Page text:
One of the joys of iOS gaming is that the proliferation of the devices and the low financial barriers ensure that the masses can easily get on board with whatever's currently doing the rounds. Tiny Tower, a new freemium offering from NimbleBit, is one of those games, and it's so now I actually wouldn't be surprised if its fleeting memory will be forever interwoven with the spirit of summer 2011.
It doesn't take long for you to realise there is nothing especially clever or inventive about Tiny Tower, however. You're in it to build a tower, and your strategic options are virtually nonexistent - this is way more Farmville than Sim Tower.
As the ruler of a delightfully pixelated tower, you shuffle your various citizens around with the aim of plopping them into a fairly decent job until you can shuffle them into their prescribed dream role, all the while acting as a glorified bellboy and giving visitors lifts to their desired floors.
Meanwhile you're also watching your money climb upwards so you can afford to elongate your tower with new floors, which can be either a residential complex (allowing you to home more residents) or a money-generating commodity from a range of food, services, recreational activities, retail stores, or a creative industry. You don't get to choose what kind of specific outlet you build, however, so if you design your new floor to sell food you could end up with a sandwich store, ice-cream shop, or a diner.
Shops can be staffed by up to three of your citizens, with more staff giving you access to fancier goods to peddle. You're also required to manage stock, spending currency on new items to sell when your current stock is depleted.
Each action takes time to complete, however - before long building a new floor will take over 10 real-time hours, and restocking valuable items in my current tower takes approximately three to four hours.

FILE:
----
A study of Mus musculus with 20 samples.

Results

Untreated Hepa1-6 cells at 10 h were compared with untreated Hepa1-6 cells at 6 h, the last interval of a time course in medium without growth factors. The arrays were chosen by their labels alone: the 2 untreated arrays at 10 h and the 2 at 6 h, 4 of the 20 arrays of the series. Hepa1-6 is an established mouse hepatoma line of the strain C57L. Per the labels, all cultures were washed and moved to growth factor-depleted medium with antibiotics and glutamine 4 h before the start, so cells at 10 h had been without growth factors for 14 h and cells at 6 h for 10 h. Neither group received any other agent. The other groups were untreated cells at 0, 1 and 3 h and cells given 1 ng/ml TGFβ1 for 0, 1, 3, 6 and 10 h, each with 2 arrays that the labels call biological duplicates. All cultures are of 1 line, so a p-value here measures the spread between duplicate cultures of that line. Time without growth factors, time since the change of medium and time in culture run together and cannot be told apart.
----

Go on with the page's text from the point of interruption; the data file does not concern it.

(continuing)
This is where the game becomes so freakishly addictive, with you spending ridiculous chunks of your time simply clicking little icons that stack up along the bottom of the screen and watching your empire grow ever so slightly. It's so gentle and undemanding that Tiny Tower is barely more than an automatic process, but there's an odd, gurn-inducing satisfaction that is derived from the painstaking lengthy process of watching your tiny domain blossoming into a slightly bigger empire.
It's also possible to view the towers of your Game Center friends in real-time, and I've spent way more time than I should jealously perusing the confines of my colleagues, chums, and rivals. Who am I kidding: they are all rivals.
There are two ways to expedite the constant need to grow. The first is with VIP guests, who arrive randomly and lop three hours off construction or restocking, as well as attracting more customers to one of the stores you've currently got open. The other method is far more nebulous: micro-transactions.
The game's second currency, Towerbux, can be earned slowly through regular play or bought in bulk for payments 59p, £2.99, or £17.99. Towerbux can be exchanged for money, or spent to 'rush' production and restocking of your floors. While it's possible to sit and patiently play the game for the rest of time, Nimblebit is clearly hoping you'll get tempted by the prospect of splashing out £2.99 and building a couple of floors without the two-day wait.
Tiny Tower's real question is about the scale of its economy, then, and whether you can stomach playing a game that becomes increasingly desperate in its desires to part you with chunks of your own money.